LOPEZ: Do you have a favorite of those poems — a real intimate window into your life so far?
NOVAK: I love a lot of them, for bringing back sharp memories otherwise forgotten — pieces snatched from the flames! My favorite two, of course, are the two for Karen at the end. The haunting emptiness, the warmth of laughter, sure knowledge that she surrounds me with care.LOPEZ
: Why should everyone write poetry?
NOVAK: Because at heart everyone has a soul that sometimes sings. The sheer effort of matching this lilt to words is good both for your sense of words and for the intensity with which you will observe things in the future. Poetry sharpens our touches, tastes, the scents we smell. Open a bottle of cologne — is it even close to the one your father sometimes wore? Brings back no memories at all? Poetry grabs onto passing things and fully dwells in them awhile.
LOPEZ: What if you’re bad at it? Does it say something about your soul?
NOVAK: Being first class at it is not the point; I know for sure I am not. One does it for the sheer enjoyment of the thing. It is worth it, and it is worth doing badly. Your life will be more joyful for the effort. And real poets will mean more to you.
LOPEZ: I loved this: “Do not neglect the humblest modes of inspiration. Close your fists around them quickly while in your grasp, seize them in mid-flight. They evanesce into the night.” But who has time?
NOVAK: A wise teacher once told our class: Keep a worn journal by the bed, and write in it every night — five minutes, no more — jotting down the most memorable image (or even insight) of the day. Four minutes if you must. But do it. You will be surprised how this will teach you to notice many vivid images each day, and many insights. Only choose one at night, though, “to snatch from the flames.”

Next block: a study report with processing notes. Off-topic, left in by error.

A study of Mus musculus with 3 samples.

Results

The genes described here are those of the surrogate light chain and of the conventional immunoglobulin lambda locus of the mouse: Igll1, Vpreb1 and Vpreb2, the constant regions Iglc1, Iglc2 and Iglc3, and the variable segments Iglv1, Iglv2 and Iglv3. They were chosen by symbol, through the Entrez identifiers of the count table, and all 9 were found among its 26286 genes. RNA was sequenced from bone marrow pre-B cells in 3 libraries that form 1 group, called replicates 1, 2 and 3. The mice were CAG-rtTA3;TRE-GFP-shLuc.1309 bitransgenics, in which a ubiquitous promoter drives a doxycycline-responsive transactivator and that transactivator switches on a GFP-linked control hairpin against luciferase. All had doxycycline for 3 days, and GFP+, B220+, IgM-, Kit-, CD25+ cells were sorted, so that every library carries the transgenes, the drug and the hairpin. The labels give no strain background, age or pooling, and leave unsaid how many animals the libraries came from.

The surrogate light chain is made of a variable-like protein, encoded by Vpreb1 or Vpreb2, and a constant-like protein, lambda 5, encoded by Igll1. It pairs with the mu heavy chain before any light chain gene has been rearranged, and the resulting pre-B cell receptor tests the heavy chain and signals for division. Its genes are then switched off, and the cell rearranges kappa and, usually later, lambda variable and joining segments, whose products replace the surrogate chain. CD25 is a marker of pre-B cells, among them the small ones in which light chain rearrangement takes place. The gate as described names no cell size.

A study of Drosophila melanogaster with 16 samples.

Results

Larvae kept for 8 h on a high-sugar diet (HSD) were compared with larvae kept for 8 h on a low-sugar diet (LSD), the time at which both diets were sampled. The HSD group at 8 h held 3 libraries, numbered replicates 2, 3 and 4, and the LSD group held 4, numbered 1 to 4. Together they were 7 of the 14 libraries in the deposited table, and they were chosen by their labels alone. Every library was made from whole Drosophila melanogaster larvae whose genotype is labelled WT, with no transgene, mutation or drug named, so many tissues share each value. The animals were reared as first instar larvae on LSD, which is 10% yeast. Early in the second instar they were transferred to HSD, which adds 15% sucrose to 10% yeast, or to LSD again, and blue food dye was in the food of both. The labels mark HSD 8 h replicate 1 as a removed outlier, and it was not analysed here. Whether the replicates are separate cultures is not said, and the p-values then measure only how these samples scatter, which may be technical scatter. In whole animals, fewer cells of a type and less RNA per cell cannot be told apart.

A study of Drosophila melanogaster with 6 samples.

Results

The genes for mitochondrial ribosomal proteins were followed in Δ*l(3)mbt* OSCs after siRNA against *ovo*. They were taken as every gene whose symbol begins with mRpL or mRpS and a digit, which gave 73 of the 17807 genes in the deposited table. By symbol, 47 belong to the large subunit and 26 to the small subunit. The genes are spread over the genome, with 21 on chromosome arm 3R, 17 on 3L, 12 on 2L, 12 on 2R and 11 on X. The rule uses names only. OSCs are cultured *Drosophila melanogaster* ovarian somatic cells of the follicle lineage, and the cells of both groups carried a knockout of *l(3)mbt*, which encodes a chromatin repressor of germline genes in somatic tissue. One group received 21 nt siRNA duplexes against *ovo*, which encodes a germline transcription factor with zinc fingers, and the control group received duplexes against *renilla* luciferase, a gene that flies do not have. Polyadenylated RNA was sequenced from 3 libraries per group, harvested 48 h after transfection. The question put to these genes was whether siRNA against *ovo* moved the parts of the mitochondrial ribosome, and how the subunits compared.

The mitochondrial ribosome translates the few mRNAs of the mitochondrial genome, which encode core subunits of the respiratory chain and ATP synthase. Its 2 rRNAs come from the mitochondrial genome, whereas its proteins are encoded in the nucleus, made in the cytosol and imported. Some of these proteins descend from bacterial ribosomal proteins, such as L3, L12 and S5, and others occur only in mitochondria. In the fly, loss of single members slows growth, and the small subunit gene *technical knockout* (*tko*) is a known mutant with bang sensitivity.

LOPEZ: What is “the sacramental sheen by which the world of our Creation shows itself”?
NOVAK: The world shines like shook foil: Hopkins. The beauty of earth is all around us, if we notice, and in it the glory of God. To be a theist is to say “thank you” with glad heart many times a day.
LOPEZ: What is a “torment of beauty”? Why would it be such a good torment?
NOVAK: Don’t some beautiful sounds, sights, scents overwhelm you? So that you can hardly bear to be still? Beauty of many kinds is at times too much. It is a torment, overcharges inner equipment.
LOPEZ: “I wish that I had truly been a poet, not an amateur . . . so that they might be worthy of the Creator from Whose sweet hands they came. I did my best.” Reminds me of what Mother Teresa of Calcutta said about being called not to be “successful but to be faithful.” Is that something of what you had in mind in publishing this collection?
NOVAK: Some real poets have looked at some of my verses. They tell me how poor each is, undisciplined, not really poetry yet, possibly highly charged prose. Too dominated by Hopkins and a few other favorites.
All true, but oh! so much fun, and it has enriched so many other moments of my life, by teaching me habits of observation and joy. And on some special occasions, such as birthdays, a little more elegant than just “short remarks” — as long as a laugh or two is implanted in them.
After reading this volume, two or three friends have written how much they enjoyed moments of laughter, followed by mistiness, a smile here, an LOL, a heart wrench. How happy their notes made me!
(For more on William E. Simon Jr. and Living the Call, read KJL’s recent syndicated column.)
— Kathryn Jean Lopez is editor-at-large of National Review Online.